Picks and Pans Main: Video
Despite such peculiarities, the demand for Western videotapes is huge and has led to a flourishing, and illegal, industry. When Rambo: First Blood Part II was released in America in 1985, the Soviet government and official media harshly criticized the movie for its graphic violence and "anti-Soviet" theme. Naturally that made a lot of Russians want to see it. A few Rambo videotapes may have been brought into the country by visiting Westerners or purchased by Soviets on trips abroad. The tapes found their way to what are called "video garages," usually two-room apartments used as clandestine factories for pirating tapes. In one room Sovietmade VCRs—which use a hybrid of the Western European PAL and SECAM systems—are modified to be able to show VHS cassettes. In the next room a translator dubs the sound track into Russian.
An undubbed, current Western film can fetch about 200 rubles (more than $300) on the black market, while a dubbed film costs about 50 rubles more. Pornographic videos, while illegal and dangerous to possess (the penalty is prison or labor camp), are in even greater demand, perhaps because Soviet society is publicly prudish, almost Victorian in its sexual attitudes, and usually cost 500 rubles ($785) or more. Because of the high prices, the dubbed Western tapes are often rented out by the video garage for as much as 50 rubles ($77) a night. To defray the cost people will invite friends over, charging each a small fee to watch the tape. This is highly risky. Consequently, once a Soviet acquires a VCR, he often finds other owners and joins an informal network of trusted acquaintances who buy, sell and swap films.
A legal video industry is booming alongside the illegal trade, though the Soviet Ministry of Light Industry began manufacturing video equipment only in 1985. A VCR and TV now sell for about 1,700 rubles ($2,670), more than six months' salary for many people. The equipment is poorly made, breaks down often and is difficult to repair, but demand is high, and prospective buyers must wait up to a year to buy a machine. Soviet VCRs have features similar to those used in America; they are programmable and can tape from the TV.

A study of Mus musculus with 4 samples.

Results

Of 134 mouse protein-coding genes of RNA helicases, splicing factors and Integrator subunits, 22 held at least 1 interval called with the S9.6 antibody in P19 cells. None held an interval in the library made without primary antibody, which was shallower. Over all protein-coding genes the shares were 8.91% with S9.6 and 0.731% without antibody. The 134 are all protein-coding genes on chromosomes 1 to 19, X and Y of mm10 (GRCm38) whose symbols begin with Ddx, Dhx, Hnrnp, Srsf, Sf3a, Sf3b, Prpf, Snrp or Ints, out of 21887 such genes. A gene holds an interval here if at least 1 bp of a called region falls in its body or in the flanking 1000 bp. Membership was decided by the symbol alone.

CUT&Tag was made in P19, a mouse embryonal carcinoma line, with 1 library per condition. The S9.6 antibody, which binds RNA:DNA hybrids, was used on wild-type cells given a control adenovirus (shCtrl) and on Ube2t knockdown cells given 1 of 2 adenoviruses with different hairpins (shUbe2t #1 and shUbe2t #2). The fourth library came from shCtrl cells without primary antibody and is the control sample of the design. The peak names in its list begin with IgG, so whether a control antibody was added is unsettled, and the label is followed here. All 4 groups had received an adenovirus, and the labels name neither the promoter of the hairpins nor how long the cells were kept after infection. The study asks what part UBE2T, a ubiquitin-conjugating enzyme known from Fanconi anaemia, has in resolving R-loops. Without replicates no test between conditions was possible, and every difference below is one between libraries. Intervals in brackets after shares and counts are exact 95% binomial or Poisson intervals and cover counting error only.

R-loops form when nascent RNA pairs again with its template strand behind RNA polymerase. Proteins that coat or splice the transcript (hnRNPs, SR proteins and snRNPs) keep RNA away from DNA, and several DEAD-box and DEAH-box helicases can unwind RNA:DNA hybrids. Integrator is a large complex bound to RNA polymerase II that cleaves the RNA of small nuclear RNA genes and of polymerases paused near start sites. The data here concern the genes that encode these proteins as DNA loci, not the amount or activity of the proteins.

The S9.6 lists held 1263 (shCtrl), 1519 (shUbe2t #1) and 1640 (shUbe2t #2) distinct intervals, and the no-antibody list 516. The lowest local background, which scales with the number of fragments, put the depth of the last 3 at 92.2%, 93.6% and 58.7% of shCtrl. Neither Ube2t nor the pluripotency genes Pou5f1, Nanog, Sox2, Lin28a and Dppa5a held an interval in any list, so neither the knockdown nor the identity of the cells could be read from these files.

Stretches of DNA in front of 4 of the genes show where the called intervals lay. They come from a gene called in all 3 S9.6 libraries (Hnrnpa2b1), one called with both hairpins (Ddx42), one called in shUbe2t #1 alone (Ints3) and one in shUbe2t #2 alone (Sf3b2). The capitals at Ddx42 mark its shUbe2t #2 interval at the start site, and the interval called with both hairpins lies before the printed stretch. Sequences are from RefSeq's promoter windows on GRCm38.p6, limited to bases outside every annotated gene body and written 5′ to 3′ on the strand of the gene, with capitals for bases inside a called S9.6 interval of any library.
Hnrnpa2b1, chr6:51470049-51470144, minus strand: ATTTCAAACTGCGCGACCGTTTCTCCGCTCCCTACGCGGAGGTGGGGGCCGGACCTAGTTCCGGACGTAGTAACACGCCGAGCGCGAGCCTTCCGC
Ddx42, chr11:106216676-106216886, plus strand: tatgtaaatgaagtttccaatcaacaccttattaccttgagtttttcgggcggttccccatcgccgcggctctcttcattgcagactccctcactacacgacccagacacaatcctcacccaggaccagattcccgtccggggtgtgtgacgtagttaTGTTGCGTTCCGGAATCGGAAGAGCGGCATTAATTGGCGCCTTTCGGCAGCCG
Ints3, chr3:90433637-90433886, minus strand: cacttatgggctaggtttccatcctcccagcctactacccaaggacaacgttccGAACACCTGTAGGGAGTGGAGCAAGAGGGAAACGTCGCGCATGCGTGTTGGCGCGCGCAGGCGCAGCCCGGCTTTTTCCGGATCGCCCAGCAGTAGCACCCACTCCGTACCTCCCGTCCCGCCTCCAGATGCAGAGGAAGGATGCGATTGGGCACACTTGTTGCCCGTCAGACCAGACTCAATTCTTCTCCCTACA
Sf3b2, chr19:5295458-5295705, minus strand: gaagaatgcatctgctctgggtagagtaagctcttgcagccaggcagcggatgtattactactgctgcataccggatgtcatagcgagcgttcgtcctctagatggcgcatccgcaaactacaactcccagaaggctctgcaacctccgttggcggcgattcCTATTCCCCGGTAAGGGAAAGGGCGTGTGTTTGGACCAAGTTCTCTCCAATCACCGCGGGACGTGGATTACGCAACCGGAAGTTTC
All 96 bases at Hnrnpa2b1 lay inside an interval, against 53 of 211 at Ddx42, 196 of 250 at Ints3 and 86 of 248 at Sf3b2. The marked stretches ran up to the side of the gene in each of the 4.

In Moscow only one store, Elektronika, sells the equipment, and three shops, known as "videoteks" or "video salons," sell and rent tapes. They rent only Soviet or East Bloc films or Western movies deemed "acceptable"—usually French comedies. American films are very rare. Most films rent for two or three rubles ($3 to $4.50) a day. Soviet films are released in theaters and on videotape at the same time, which means that the hottest ones, which sell for 40 to 100 rubles ($62 to $157), can be hard to find. At the moment two of the most popular Russian video movies are comedies—An Autumn Marathon, about a middle-age man trying to balance the demands of his wife, mistress and boss, and Irony of Fate, about a man who becomes drunk on New Year's Eve and stumbles into the apartment of a young woman.
Soviet people enjoy their own movies, of course, but Western movies are alluring because they provide a glimpse of life in countries that most will never get to visit. As much as the themes of the movies, Russians enjoy seeing what people are wearing, what their apartments look like, how Western lives differ from their own. It takes at least three or four years, often much longer, for American movies to reach the Soviet black market, but Russian videophiles are aware of which movies are nominated for Oscars, and they'll soon be angling for this year's winners. Recently making the rounds were Last Tango in Paris, White Nights, The Live Aid Concert and Cat People. Interestingly, the all-time favorite underground Western video among Soviets is One Flew Over the Cuckoo's Nest. The Jack Nicholson Academy Award-winner, about a rebellious insane asylum inmate, is so wildly popular that the government reportedly may soon allow it to be shown in theaters. By that time the hip, video underground will be screening other forbidden pleasures.